Researchers look to test well for CO2 storage


By Jonathan Gallardo

Gillette News Record

Via Wyoming News Exchange

GILLETTE — Fred McLaughlin stood at the Dry Fork Station power plant Wednesday morning holding some rocks in his hands.

They weren’t ordinary rocks. The rocks hadn’t seen sunlight “since dinosaurs were walking around,” said the senior geologist and project manager for the University of Wyoming School of Energy Resources.

The rocks had been drilled up from thousands of feet below the Powder River Basin. Wednesday, the drill bit was more than 8,500 feet below ground.

It was part of an open house for the Wyoming CarbonSAFE project, which is studying the underground geology near the Dry Fork Station power plant north of Gillette to see whether it would be a good place to store carbon dioxide.

The project is part of the U.S. Department of Energy’s Carbon Storage Assurance Facility Enterprise initiative, or CarbonSAFE, which focuses on the development of geologic sites for the storage of 50 million metric tons of carbon dioxide (CO2) from industrial sources.

The project, which costs $12.25 million, is mostly funded by a $9.77 million grant from the Department of Energy.

Scott Quillinan, director of research at the School of Energy Resources, said he’s enjoyed working on the project.

“This is fantastic,” Quillinan said. “This is a fun project, just being able to work with the industry folks, the community here and the university on site, it’s just so cool being all together.”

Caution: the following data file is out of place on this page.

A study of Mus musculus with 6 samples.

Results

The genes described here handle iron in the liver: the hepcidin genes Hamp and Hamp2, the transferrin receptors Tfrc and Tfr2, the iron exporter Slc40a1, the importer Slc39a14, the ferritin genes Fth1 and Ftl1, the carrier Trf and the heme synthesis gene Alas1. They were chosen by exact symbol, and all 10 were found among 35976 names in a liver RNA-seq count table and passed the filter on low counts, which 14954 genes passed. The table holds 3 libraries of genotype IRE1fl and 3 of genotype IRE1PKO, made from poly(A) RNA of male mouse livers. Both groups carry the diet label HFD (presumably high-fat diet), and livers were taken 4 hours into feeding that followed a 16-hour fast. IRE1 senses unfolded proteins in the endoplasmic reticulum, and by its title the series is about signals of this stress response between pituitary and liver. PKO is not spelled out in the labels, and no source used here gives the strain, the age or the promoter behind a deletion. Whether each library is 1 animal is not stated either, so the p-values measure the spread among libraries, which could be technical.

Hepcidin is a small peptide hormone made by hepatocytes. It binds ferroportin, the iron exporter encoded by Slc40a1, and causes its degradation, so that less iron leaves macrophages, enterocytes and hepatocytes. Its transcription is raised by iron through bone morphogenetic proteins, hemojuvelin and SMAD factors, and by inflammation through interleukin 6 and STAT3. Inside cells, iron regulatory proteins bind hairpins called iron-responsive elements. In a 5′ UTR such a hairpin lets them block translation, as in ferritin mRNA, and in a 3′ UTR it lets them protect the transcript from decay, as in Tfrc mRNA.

The project is in its second phase, which addresses the feasibility of building a commercial storage complex that can hold at least 50 million metric tons of CO2.

Gillette and Campbell County have been great to work with, Quillinan said.

“It’s fabulous,” he said. “Like all small communities in Wyoming, they’re always welcoming and it just makes it a lot of fun.”

Quillinan said he expects the drilling to be complete by next week, and it will be followed by two weeks of land reclamation. McLaughlin said there were some challenges, such as drilling through bentonite, which he likened to “drilling through Silly Putty.”

Following the drilling, which is being done by Gillette-based Cyclone Drilling, researchers will look at the data gathered from hundreds of core samples to see if the area can store carbon dioxide. They should come up with a plan by this fall, Quillinan said.

There is funding in fiscal year 2020 for the third phase of projects, which would deal with site characterization. Quillinan said he hopes the project will make it on to the next round.

In addition to CarbonSAFE, the DOE is funding other carbon capture projects with the hopes that the two will come together one day.

“At some point, somewhere in the U.S., there will be a carbon storage complex that is paired with a carbon capture project, and they’ll come together sometime in 2025 and make a full commercial project,” Quillinan said. “If it can’t happen here, it’s probably not going to happen anywhere.”